Richard Leahy 1999
John Douglas 2001
Lt Math L. English O-792567 (MIA / KIA) Decatur, GA
Co-Pilot 2nd Lt Leonard T. Coby, O-748916 (MIA / KIA) Brooklyn, NY
Bombardier / Navigator 2nd Lt Elmer J. Hohman, O-743785 (MIA / KIA) Pittsburgh, PA
Engineer S/Sgt Paul J. Molica, 19084181 (MIA / KIA) San Jose, CA
Radio T/Sgt Harry B. Kirk, 35462746 (MIA / KIA) Corpus Cristi, TX
Force Landed April 12, 1944
Afterwards, the five crew were spotted alive and apparently unhurt with the bomber. Other B-25s dropped supplies to them and leaflets in Pidgin English informing local people to assist them to Allied lines.
The B-25 bombed and strafed the intact bomber, to prevent it from falling into enemy hands. The wreckage burned, but the rear fuselage, tail section and wings remained intact. As of April 16, 1944, the crew was never seen again and were officially declared Missing In Action (MIA).
Returning from the search mission, the four P-38s became lost in bad weather and only the flight leader, P-38H piloted by Zielinski returned safely. The other three went Missing In Action (MIA) including: P-38H 42-66555, P-38H 42-66832 and P-38H 42-66668.
Fate of Crew
According to villagers, the crew survived and traveled as far as Paiambit, where they were captured by the Japanese Army then taken down the Sepik River to Moim, when they were made to dig their own graves, then shot. According to them, only three graves (not five) are said to be at Moim. Who is buried at Moim, if anybody, has yet to be ascertained.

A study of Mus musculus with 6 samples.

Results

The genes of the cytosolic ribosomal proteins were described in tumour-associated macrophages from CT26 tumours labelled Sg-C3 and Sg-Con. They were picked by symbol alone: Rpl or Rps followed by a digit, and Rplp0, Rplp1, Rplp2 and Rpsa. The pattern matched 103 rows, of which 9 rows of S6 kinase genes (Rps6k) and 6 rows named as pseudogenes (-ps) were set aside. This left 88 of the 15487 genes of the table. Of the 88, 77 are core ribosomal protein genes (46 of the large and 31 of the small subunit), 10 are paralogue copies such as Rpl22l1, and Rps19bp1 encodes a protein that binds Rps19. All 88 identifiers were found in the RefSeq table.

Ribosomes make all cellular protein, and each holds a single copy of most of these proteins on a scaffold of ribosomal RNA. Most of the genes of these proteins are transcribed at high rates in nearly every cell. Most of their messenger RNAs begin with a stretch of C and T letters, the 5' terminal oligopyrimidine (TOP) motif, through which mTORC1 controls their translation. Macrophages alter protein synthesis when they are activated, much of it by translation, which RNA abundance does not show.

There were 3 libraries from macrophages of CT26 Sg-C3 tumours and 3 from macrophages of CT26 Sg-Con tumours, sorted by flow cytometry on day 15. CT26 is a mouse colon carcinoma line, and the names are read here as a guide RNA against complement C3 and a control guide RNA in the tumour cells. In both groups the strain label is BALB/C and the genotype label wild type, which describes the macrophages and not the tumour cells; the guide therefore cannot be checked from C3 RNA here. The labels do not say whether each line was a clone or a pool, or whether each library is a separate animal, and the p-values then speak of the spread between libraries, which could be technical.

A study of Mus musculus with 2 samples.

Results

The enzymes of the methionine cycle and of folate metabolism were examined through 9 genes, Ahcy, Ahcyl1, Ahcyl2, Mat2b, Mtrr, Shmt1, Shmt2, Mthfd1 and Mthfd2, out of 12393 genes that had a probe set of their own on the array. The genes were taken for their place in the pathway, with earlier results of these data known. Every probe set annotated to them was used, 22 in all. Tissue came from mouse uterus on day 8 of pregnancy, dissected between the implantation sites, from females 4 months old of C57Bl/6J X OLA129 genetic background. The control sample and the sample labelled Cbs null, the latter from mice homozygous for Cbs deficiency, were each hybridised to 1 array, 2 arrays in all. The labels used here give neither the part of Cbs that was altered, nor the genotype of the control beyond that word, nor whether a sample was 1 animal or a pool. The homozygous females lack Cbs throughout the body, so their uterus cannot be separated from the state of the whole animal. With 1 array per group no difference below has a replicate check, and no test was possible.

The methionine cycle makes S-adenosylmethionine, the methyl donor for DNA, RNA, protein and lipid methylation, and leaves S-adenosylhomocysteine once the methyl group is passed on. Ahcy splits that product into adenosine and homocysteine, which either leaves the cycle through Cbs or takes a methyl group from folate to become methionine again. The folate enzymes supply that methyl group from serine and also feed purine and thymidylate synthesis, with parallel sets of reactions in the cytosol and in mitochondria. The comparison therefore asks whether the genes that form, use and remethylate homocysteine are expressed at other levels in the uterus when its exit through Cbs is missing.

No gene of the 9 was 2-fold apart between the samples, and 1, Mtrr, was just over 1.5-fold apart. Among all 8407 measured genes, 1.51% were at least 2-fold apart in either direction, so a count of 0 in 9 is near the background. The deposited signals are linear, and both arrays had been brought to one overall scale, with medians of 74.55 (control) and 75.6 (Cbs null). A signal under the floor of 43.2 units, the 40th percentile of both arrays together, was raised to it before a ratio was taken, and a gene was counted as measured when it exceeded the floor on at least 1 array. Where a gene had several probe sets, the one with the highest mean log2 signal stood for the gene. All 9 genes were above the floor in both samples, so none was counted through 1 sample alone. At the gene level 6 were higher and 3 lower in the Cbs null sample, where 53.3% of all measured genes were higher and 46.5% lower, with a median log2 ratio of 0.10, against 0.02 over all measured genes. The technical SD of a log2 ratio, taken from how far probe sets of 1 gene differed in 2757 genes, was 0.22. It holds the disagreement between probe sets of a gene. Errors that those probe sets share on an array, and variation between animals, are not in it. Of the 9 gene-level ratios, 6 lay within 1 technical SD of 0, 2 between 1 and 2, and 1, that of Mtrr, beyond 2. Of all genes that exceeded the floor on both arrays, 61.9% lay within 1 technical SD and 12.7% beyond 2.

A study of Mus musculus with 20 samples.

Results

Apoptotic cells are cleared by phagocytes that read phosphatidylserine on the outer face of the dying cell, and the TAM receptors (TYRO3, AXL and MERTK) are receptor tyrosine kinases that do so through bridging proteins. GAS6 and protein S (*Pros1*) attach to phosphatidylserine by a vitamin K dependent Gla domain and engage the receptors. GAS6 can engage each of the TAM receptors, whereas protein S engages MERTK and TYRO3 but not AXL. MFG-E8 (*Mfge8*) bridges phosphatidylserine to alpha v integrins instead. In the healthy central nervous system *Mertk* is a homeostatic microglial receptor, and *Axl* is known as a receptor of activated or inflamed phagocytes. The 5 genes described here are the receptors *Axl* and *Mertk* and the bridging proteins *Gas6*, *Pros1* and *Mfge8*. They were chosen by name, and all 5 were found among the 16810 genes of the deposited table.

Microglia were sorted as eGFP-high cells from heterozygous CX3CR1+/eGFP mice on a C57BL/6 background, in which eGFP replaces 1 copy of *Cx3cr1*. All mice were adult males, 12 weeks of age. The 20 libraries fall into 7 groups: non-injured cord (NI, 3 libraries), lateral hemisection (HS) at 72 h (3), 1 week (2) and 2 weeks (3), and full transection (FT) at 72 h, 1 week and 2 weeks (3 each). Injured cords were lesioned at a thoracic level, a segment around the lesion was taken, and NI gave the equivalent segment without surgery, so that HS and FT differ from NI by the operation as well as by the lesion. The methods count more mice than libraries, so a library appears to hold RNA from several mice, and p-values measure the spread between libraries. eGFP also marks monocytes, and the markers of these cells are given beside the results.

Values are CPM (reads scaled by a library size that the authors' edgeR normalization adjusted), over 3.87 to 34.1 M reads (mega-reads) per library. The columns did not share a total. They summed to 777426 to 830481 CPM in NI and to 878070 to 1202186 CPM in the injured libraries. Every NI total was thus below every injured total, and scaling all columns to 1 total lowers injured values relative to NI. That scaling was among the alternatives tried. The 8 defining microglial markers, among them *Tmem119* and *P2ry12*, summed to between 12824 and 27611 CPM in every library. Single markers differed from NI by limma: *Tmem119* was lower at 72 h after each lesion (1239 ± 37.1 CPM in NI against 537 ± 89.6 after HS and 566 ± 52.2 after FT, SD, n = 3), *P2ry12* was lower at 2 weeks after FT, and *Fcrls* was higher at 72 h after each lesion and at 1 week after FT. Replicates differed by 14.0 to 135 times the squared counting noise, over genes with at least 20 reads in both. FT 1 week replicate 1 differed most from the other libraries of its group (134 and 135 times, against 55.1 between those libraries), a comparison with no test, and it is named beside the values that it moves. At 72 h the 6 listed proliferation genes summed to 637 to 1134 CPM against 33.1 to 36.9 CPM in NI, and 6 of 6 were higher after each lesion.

There is a complete Australian file at AWM which refers to "Five survivors from an identified aircraft, possibly RAAF", which crashed west of Moim in March / April 44". There were no Royal Australian Air Force (RAAF) aircraft wrecks anywhere near this area. This file, beyond any doubt whatsoever, refers to this B-25's crew.
The file reveals that one of the Japanese interrogated during 1945 at Wewak was Lt. General Nakano Hidemitsu, Commanding Officer of the Japanese Army 51st Division. He claimed, among other things, that a Colonel Hori Keijiro, Commander of the 102nd Infantry Regiment, then based at Marienberg, had knowledge of the capture of five Allied airmen circa March-April 44. The Australian legal team then interrogated Keijiro, also captured at Wewak, who signed a statement that five airmen indeed had been brought to him at Marienberg from an unidentified airplane loss in March/April 1944.
Keijiro said he then forwarded the prisoners to Wewak to fall under the jurisdiction of Lt-Colonel Suzuki Notoaki, a staff officer of the Headquarters of the Imperial 51st Division. Notoaki, also interviewed, said however that he could recall only two airmen arriving even though he never saw them. The arriving airmen, whatever number, were then side tracked to Major Veda (full name not quoted) of the 4th Kōkūtai who interrogated them separately and reported results of the interrogation to Imperial 18th Army Headquarters.
It is clear from Keijiro's affidavit that he deliberately provided a minimum of information. If in fact there are three US airmen buried in a grave at Moim, was it Keijiro who ordered three of Englishs crew taken there to be executed. If so, were English and another officer taken to Wewak, perhaps under Veda's orders? If an interrogation report was sent by 4th Kōkūtai as claimed, then somewhere in U. S. or Australian intercept archives might be a signals intelligence intercept which should have two surnames, and the results of this interrogation.
David Gillis visited in 1969:
During January to March 2010, a JPAC J2 (History Department / R&A) visited the crash site by helicopter and investigated the wreckage.